Without a doubt the sales funnel is at the heart of lead generation. The understanding of how you move leads through the funnel is crucial to any successful marketing campaign and more importantly to the company's ability to sell more products. But before we talk about that process, the first step is for sales and marketing to work together and define the sales funnel for their organizations.
In general, the stages of the sales funnel may include: prospects, leads, qualified leads, serious opportunities, trials or evals, call-to-close phase and closed deals. And while the concept is similar across most sales processes, it's imperative that each stage be clearly defined and agreed upon by all parties so that it can be consistently applied, analyzed and adjusted as appropriate. Above all else, agreement on the stage where marketing passes leads to sales and the definition of these qualified leads is imperative. I'll have more on that in a subsequent post.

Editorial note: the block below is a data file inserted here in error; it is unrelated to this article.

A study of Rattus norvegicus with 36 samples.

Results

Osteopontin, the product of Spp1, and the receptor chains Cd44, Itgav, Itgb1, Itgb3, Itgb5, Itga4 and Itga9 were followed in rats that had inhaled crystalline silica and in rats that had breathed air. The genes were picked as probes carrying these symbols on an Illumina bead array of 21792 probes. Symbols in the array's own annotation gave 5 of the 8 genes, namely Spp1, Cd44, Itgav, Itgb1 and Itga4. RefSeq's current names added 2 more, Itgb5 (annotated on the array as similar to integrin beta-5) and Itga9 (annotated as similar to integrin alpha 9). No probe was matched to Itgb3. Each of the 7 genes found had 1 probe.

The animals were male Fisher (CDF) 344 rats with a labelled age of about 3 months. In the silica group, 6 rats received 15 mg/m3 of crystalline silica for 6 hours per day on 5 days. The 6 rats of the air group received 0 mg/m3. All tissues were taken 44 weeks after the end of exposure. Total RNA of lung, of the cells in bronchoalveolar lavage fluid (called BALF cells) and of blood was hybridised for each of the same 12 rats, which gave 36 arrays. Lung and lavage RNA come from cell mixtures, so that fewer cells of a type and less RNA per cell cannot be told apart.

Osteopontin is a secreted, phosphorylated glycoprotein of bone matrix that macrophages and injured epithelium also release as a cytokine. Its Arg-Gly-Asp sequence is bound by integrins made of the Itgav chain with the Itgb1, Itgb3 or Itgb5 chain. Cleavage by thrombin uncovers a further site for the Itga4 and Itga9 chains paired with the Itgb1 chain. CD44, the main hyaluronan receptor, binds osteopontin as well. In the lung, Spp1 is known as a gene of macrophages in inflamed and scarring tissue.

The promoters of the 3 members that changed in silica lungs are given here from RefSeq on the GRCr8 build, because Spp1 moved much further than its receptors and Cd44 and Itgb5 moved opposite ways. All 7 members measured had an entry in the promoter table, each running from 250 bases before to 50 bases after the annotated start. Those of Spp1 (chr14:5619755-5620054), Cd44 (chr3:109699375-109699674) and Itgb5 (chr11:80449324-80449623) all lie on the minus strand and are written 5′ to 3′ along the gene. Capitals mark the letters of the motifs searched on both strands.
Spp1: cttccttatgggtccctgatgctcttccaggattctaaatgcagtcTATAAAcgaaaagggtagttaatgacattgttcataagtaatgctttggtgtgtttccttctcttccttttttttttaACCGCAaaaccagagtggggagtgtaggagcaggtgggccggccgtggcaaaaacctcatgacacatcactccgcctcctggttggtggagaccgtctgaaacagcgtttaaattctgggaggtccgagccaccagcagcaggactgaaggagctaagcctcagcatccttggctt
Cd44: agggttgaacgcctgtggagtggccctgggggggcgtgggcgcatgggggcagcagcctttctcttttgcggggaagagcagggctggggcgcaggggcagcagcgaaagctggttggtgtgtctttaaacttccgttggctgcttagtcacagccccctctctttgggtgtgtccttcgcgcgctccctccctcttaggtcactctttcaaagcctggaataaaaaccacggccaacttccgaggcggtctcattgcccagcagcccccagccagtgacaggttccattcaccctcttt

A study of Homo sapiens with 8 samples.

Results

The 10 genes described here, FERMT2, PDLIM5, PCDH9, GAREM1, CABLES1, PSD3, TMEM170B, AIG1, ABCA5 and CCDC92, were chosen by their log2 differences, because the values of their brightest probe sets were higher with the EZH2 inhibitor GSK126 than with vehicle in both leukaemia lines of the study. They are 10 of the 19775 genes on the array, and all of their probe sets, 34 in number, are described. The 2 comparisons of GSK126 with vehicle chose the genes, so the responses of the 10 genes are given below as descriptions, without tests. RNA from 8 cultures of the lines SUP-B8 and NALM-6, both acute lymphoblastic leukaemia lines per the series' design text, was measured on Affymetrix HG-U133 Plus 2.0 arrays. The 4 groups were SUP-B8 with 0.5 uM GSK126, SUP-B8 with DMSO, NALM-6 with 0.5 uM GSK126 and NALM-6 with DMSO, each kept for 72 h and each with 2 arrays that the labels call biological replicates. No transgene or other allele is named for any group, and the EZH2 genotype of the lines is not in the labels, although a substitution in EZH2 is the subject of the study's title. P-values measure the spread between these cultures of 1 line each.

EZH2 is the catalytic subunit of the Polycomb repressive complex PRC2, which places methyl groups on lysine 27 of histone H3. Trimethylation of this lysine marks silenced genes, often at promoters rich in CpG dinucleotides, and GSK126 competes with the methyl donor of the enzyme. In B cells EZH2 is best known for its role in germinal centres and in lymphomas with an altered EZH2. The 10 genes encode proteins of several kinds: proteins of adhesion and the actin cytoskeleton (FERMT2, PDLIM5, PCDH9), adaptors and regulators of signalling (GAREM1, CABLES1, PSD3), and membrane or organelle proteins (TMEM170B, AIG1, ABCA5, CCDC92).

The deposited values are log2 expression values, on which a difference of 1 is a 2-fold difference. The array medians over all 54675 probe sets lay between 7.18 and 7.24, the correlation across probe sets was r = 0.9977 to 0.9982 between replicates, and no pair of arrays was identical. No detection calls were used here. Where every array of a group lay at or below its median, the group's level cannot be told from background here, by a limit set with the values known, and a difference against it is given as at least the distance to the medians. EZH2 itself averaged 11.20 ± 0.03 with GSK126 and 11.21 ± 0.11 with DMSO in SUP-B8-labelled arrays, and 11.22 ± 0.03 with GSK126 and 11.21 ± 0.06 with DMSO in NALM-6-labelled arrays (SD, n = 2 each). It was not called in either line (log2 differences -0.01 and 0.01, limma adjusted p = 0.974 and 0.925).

Once the stages are defined, then it's important to understand the number of leads from all prospects (10-20%) and the ratio of qualified leads to closed deals (15:1-20:1) so that marketing can generate sufficient leads to meet the revenue requirements for the year. Of equal importance, you need to understand the time it takes to move from one stage to the next (1 to 2 months per stage depending on market maturity).
While everyone would love these ratios and timelines to be smaller and shorter for their industry, I've seen time and time again that these are quite consistent in technology companies and can be even longer when selling to certain verticals. This means it's pointless to use unrealistic ratios or timelines when planning but only adjust them when you have concrete metrics and evidence built by carefully tracking this information in addition to other ROI metrics.
Since I strongly believe the sales funnel is the heart of lead generation there will be several additional posts on this topic. For now, it's important to understand that the concepts mentioned here are more scientific than most traditional marketers would like to admit so you need to accept them and work for improvement rather than ignore the process.